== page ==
Brooke Shields is probably better known these days for her new eyelashes than The Blue Lagoon, or her two-year marriage to tennis icon Andre Aggasi. While the average woman many not be able to have her high cheekbones, long, thick eyelashes seem to be available to almost anyone. Numerous brands, such as Latisse, Revitalash and Lumigan, are now on the market. But are they really safe?
Latisse is FDA-approved for growing lashes, Lumigan is FDA-approved for glaucoma but not cosmetic use and Revitalash is not FDA-approved. Latisse and Lumigan contain bimatoprost, a drug used to lower intraocular pressure, and used for patients who have glaucoma. When patients using the drug began to develop long, dark eyelashes, marketing took a turn to the cosmetic industry.
The Lumigan patient information sheet states that between 3 and 4 percent of users experience itching, irritation, or redness or darkening of the skin where used. It also states:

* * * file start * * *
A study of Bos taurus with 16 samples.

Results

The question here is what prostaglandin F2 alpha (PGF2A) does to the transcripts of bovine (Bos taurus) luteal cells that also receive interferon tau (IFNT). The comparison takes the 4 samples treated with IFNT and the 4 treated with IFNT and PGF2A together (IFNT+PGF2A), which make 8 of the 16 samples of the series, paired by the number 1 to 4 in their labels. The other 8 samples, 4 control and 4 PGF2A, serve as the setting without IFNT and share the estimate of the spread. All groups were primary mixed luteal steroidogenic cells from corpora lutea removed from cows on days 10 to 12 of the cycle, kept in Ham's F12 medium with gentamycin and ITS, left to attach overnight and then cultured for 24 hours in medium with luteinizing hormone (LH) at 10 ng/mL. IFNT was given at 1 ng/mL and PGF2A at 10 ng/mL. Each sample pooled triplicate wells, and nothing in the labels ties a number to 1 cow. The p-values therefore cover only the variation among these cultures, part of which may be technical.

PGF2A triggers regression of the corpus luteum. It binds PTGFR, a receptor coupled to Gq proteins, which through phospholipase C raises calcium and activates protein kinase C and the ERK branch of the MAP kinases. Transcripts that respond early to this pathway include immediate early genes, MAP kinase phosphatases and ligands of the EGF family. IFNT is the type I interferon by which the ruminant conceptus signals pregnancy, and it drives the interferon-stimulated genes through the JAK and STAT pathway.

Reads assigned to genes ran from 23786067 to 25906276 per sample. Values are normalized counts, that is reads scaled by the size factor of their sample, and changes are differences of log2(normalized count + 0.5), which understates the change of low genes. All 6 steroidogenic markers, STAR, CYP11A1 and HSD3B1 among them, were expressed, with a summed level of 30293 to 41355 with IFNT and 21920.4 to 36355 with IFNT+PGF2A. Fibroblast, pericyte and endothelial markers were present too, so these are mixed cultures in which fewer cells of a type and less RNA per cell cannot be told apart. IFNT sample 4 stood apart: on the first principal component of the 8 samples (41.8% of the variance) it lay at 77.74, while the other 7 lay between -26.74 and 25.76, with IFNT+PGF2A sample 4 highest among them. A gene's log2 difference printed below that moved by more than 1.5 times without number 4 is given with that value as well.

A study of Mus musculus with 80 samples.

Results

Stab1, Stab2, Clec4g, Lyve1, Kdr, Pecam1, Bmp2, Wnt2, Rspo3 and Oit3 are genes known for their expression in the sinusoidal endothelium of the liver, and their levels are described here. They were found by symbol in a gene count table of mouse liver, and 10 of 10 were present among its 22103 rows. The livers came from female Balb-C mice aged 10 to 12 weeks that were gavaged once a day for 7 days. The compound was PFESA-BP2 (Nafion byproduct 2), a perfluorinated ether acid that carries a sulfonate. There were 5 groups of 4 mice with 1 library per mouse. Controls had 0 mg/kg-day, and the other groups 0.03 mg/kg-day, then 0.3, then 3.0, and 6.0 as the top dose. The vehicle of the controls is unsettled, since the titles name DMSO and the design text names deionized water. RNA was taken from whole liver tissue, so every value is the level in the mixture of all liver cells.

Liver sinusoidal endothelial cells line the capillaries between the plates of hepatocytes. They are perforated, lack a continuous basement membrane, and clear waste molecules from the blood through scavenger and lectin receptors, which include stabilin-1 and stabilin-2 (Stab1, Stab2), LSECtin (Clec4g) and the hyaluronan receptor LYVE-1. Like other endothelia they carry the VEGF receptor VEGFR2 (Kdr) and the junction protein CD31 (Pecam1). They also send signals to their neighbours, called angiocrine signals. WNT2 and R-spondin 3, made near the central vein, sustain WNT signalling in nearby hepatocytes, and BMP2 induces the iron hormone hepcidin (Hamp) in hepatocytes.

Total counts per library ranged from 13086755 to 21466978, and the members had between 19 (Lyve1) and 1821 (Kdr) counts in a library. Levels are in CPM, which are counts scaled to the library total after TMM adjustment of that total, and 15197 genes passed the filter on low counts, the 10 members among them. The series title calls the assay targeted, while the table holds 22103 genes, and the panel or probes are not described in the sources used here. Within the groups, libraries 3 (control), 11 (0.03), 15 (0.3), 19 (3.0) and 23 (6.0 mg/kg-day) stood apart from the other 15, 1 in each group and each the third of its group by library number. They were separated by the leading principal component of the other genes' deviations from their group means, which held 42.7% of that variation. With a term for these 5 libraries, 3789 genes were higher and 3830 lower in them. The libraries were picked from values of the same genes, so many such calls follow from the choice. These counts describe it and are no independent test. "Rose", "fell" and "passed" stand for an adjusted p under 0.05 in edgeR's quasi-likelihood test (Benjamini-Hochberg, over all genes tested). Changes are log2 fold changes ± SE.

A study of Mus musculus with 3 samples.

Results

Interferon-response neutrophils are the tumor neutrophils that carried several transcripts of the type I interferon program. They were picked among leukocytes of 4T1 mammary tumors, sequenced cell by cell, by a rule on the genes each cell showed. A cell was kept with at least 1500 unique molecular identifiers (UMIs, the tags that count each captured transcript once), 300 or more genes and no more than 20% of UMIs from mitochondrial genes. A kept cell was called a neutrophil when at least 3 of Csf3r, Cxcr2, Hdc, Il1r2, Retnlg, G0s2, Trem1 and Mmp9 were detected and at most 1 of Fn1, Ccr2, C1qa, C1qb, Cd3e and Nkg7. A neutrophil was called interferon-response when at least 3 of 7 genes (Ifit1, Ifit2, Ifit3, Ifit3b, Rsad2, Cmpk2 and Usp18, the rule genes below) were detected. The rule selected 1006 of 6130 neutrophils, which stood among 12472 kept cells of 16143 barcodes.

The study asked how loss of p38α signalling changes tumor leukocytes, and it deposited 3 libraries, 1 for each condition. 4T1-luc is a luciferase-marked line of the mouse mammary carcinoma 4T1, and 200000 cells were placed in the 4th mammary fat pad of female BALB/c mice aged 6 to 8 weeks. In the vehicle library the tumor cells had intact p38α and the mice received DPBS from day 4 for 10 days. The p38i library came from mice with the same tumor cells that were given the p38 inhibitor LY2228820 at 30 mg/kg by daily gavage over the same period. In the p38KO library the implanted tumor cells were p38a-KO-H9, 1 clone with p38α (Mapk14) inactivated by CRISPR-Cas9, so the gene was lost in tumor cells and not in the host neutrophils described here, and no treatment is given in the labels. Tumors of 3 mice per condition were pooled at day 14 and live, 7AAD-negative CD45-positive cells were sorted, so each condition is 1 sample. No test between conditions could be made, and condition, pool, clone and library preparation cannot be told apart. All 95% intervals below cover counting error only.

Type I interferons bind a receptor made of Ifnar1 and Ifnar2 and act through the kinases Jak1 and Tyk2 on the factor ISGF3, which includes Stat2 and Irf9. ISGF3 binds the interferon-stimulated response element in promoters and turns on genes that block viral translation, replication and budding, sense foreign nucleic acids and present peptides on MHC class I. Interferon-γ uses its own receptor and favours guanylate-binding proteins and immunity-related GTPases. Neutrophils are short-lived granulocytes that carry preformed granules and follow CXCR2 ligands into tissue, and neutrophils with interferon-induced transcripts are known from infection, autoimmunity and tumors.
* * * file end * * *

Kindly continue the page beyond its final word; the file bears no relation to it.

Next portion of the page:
- LUMIGAN® ophthalmic solution has been reported to cause changes to pigmented tissues. These reports include increased pigmentation and growth of eyelashes and increased pigmentation of the iris and periorbital tissue (eyelid). These changes may be permanent.
- LUMIGAN® may gradually change eye color, increasing the amount of brown pigment by increasing the number of melanosomes (pigment granules) in melanocytes. The long-term effects on the melanocytes and the consequences of potential injury to the melanocytes and/or deposition ol pigment granules to other areas of the eye are currently unknown.
Well that’s comforting. In addition, hair growth can occur in unwanted areas.
Dr. Shawn Allen, a Boulder, Colorado Dermatologist, commented that -¦because it was designed to lower the pressure in the eye, certain patients may experience complications so it is important that you use the medication as directed.”
On the other hand, many people have been very happy with the results of products such as Latisse and have had no complications or complaints. Brooke Shields will even show you in her time-lapsed infomercial.
In this world of breast, chin, cheek, and tush implants, a little brush across your eyelashes seems pretty benign. But is it?